Most people reply that we have five senses vision, smell, taste, hearing and touch. Why stop there? How come most people don’t list any others?
When I have worked in schools with students in year 1 or 2, they can think of many more. Young children have told me things like, sense of space, of my body, moving, how strong I am. In contrast students in year 3 and 4 are quite sure that there are only five senses.
What so the experts say?
The scientists who study the body and its systems are called physiologists. If we ask a human physiologist about the senses they will probably list vision, hearing, smell, taste, touch, body position, body movement, muscle force, and balance. That’s 9 senses.
Physiologists who specialise in the senses, movement or exercise might also mention a sense of effort, sense of body ownership, and sense of body size. Now we have twelve.
Psychologists study the mind and how we behave, and they will tell you about our sense of agency, which is a sense of whether we have control over something. That’s 13 senses so far.
So how many senses do we have?
Well actually it depends upon how you count them. Physiologists often group the senses of body position, body movement, body size, force, effort into one sense called proprioception (pro-PREE-o-SEP-SHUN). The collection of senses that gives us our sense of balance is usually called the vestibular (ves-tib-YOOL-ar) sense.
Agency is often treated separately, and neither physiologists or psychologists have decided how to classify the sense of body ownership. The sense of body ownership could probably be included in proprioception, but at the moment experts are generally treating it separately.
So even the experts in the senses don’t agree completely on how many senses there are, but there seem to be at least 7 or 8.
Why don’t I know about the other senses?
Generally, we don’t learn about them at school. I didn’t learn that there were more than 5 senses until I started studying physiology at university. Have extra senses been discovered recently?
No. Physiologists have been writing about proprioception for over 100 years1. Similar for the vestibular sense2, 3. The idea of a sense of effort has been around since at least 18674. It is true that physiologists are still learning how these ‘extra’ senses work, but that is also true of the 5 that everyone knows about.
Perhaps we are not taught about these extra senses because it is hard to show that they are there. It is also hard to think what it would be like without them.
Losing a sense
In the case of vision, it is easy to demonstrate that it is there, partly because we all know that it can be taken away. We get a feeling of this when we close our eyes and try to walk around. Being permanently blind is much harder, but we all know that there are people who cannot see very well, or at all. Our vision tends to get worse as we age, and we have glasses to correct it when it doesn’t work properly.
Hearing is similar. By blocking our ears we can temporarily take away that sense. Our hearing deteriorates through age or injury, and we know people who need hearing aids.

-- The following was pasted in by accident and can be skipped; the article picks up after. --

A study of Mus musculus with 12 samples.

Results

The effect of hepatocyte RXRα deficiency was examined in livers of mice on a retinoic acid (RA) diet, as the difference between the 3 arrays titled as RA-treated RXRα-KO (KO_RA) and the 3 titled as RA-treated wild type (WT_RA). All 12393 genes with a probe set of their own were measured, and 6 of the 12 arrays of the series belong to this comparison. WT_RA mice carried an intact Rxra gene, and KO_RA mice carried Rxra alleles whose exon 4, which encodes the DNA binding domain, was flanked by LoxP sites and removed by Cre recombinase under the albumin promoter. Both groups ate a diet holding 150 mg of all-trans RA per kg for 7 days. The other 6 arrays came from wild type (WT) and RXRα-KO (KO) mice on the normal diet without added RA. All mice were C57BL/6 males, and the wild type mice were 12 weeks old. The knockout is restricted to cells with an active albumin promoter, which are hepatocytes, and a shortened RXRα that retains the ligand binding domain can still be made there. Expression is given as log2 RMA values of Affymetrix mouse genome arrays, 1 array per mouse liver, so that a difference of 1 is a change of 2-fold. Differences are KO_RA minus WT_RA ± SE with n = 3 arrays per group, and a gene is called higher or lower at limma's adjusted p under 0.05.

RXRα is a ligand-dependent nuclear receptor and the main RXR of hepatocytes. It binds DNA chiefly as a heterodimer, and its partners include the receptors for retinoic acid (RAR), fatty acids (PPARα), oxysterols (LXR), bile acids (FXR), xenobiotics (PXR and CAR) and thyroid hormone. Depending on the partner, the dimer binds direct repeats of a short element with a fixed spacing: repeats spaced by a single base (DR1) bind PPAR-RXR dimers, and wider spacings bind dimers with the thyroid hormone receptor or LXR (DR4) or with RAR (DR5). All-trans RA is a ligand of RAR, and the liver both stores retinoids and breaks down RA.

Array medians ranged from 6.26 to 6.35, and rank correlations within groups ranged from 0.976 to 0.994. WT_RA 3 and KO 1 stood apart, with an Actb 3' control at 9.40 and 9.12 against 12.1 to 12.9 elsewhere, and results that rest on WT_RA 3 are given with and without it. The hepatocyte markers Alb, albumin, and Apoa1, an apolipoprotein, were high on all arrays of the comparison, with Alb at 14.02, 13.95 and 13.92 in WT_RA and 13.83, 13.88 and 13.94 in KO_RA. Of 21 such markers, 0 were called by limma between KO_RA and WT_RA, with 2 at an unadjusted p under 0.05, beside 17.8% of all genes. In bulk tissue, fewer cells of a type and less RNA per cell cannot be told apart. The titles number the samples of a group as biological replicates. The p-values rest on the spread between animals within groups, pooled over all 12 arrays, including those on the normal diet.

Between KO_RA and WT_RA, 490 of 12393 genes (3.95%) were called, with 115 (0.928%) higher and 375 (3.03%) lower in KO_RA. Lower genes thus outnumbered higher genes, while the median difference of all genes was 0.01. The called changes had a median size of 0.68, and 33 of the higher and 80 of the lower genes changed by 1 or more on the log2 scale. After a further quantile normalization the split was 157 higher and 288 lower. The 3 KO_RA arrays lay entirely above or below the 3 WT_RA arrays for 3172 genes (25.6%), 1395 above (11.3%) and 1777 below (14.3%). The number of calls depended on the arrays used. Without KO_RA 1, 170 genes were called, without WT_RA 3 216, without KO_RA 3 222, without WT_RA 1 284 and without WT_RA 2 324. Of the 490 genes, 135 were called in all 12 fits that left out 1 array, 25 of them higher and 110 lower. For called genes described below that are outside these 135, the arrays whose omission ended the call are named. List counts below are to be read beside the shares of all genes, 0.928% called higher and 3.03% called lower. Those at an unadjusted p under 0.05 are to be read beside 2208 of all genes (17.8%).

What about proprioception and the sense of balance? How do we know they are there, and what happens when we take them away? Are there people who don’t have proprioception? Does it deteriorate as we age?
Yes, there are people who have damaged proprioception, or none at all5. It is very difficult for those people to control the movement of their body. Walking, standing, typing, eating, etc. can all be difficult without fully working proprioception.
Stroke and spinal injury can also affect proprioception. However, it is difficult for healthy people to feel what it is like to have disrupted proprioception. For that we usually need special tools or experiments.
Measuring the extra senses
This is probably part of the reason why most people don’t know that there are more than 5 senses. They don’t have the tools to measure them, or now how to do experiments to prove they are there. Fortunately there are some easy experiments to demonstrate proprioception, body ownership, sense of balance, and the others I’ve mentioned.
Future blog posts will look at these ‘extra’ senses. What they do, how they work, scientific evidence for them, and how to measure them with simple tools.
- C.S. Sherrington first referred to the ‘proprio-ceptive sense’ and ‘proprio-ception’ in his book The Integrative Action of the Nervous System, published in 1906 by Yale University Press (New Haven). In 1900 Sherrington also published a chapter called ‘The muscular sense’ in the Textbook of Physiology, (London, editor Schafer E., pages 1002-1025) which is about proprioception, but does not use that word.
- The oldest reference I could find referring to the vestibular sense is a paper by Abercrombie & McKenzie called Hysterical deafness with active vestibular, published in the Proceedings of the Royal Society of Medicine in 1910 (Vol 3 (Otal Sect), pages 74-76).
- The origins of vestibular science (2015) by G. Wiest (Ann NY Acad Sci, Vol 1343, pages 1-9) states that vestibular function was discovered in 1873.
- In his Treatise on Physiological Optics (1867; Vol 3, Optical Society of America, Menasha Wisconsin) von Helmholtz referred to a feeling of innervation and an effort of will, which have the same features as the modern ‘sense of effort’.
- Jonathon Cole’s book Pride and a Daily Marathon (1995, MIT Press), describes the case of a man who lost proprioception below the neck, but learned how to move around again despite that loss.
Dr Lee Walsh the founder and director of Platypus Technical Consultants. Lee is an electrical and biomedical engineer, physiologist, technical consultant and science communicator. He has over a decade of experience in measurement, instrumentation and analysis, particularly in clinical settings, physiology and medical device testing.